Despite working hard, we are notoriously poor at saving money. The average American working-age couple has saved only $5,000 for retirement, while 43 per cent of working-age families have no retirement savings at all, according to a 2016 Federal Reserve survey.
A new study by Cornell University neuroscientists suggests that, to some degree, we can blame limited savings on our brains in addition to our bills. According to the study, humans have a cognitive bias towards earning, which makes us unconsciously spend more brain power on earning than on saving.
The cognitive bias is so powerful that it can even warp our sense of time.
What the researchers say
“Fundamentally, it comes down to this: saving is less valuable to our brains, which devote less attentional resources to it,” said the lead author. “It’s more than a financial problem of making ends meet. Our brains find saving more difficult to attend to.” The paper was published in Nature Communications.
In the study, the researchers created their own experiment in which individuals could earn or save money by responding to how different colors signified these opportunities. They also gave study participants a timing perception task with these same colors, measuring how quickly they processed colors as an implicit index of the potency of earning and saving for the brain.
In the first experiment, 87.5 percent of the participants earned more than they saved. And 75 percent developed warped temporal perceptions of the colors. They reported seeing earning colors appear on the computer screen first when, in fact, the savings colors did. In subsequent experiments, this temporal bias occurred even when color associations with earning or saving were hidden and likely unconscious.
The researchers have termed this bias “savings posteriority.”
“Even without bills to pay, our brains put a thumb on the scales, making it easier for us to earn than save,” the researchers said. “Saving is so devalued and unattended that we perceive events associated with saving as occurring later in time,” they said.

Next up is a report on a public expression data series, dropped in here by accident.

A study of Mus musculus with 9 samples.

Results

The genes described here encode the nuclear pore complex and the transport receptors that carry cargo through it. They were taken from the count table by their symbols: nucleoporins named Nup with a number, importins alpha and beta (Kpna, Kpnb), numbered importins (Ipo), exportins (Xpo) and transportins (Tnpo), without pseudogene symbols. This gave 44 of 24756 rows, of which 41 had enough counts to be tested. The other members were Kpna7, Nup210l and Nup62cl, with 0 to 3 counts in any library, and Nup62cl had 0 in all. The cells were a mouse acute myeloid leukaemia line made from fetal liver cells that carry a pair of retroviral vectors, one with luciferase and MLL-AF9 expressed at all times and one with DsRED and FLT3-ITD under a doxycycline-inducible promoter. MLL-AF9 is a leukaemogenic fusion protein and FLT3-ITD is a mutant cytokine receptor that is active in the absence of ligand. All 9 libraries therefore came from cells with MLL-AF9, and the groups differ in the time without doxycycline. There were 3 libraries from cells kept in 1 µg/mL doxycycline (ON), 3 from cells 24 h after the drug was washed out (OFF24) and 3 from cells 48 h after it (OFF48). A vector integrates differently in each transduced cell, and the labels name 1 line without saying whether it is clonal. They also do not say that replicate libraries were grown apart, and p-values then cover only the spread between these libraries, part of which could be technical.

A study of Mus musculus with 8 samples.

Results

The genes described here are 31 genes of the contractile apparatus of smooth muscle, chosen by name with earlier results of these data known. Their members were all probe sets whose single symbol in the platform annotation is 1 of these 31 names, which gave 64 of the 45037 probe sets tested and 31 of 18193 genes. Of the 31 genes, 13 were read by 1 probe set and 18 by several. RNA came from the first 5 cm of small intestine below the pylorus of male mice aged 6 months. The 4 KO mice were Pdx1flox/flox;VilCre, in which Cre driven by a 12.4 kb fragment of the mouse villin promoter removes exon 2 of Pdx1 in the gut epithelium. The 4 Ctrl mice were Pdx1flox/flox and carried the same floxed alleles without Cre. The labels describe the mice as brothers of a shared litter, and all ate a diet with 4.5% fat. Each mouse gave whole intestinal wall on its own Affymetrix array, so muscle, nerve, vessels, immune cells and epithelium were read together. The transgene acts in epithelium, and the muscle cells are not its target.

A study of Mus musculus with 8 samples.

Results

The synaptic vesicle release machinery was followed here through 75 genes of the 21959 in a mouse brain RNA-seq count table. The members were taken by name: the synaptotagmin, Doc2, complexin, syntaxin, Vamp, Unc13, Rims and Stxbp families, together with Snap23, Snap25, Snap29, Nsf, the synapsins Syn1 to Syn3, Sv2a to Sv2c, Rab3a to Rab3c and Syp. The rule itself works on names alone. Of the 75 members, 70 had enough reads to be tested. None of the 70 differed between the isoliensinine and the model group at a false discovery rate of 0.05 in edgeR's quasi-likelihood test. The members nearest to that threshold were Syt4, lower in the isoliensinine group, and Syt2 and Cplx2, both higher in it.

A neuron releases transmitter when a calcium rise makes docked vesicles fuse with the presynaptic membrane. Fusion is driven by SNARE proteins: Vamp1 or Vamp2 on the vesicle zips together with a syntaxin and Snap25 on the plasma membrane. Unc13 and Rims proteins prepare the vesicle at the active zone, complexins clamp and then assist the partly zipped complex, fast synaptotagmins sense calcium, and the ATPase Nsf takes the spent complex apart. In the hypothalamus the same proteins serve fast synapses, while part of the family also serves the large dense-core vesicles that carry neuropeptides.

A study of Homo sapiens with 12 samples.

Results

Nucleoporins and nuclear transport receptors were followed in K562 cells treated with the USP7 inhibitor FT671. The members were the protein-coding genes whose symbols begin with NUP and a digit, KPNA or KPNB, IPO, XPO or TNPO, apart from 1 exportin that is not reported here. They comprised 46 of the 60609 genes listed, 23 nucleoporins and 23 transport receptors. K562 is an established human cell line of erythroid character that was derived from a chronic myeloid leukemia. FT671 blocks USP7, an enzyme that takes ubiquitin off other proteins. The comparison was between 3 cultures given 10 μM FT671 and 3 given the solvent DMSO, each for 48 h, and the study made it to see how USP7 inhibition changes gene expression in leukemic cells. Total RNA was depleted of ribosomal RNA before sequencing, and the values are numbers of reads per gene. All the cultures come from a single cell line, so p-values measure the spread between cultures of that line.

Even when the researchers changed the economic task to ensure study participants received an equal amount of earnings and savings, the temporal bias persisted. And the bias against saving occurred whether researchers defined saving as preventing the loss of what the participants already earned or as putting away money for future use. Either way, the results were the same: earning beat saving.
This bias makes perfect sense if you’re hunter-gatherers on the savannah (which we genetically still are). In HG bands, there was no point in saving because there was mostly plenty to be had (many researchers say that HGs had the highest standard of living in the world and mostly wanted for nothing), and anyway they had no means to preserve or store anything.
Thus, our basic genetic trait will be to be earners (catch or gather what you can and eat it) rather than savers.
The researchers note that those who want to save more could start by trying attentional retraining—that is, practice paying attention to saving. The benefit is not so much in the everyday cash value of what one saves; it’s in building the brain’s capacity to pay attention to saving, which, like money in the bank, will increase over time.
“It’s practicing attention and intention to save, to strengthen the value of it for your brain. It’s not the number of dollars that matters,” the researchers concluded. “And you’ll probably see other avenues and opportunities as your brain learns to value saving.”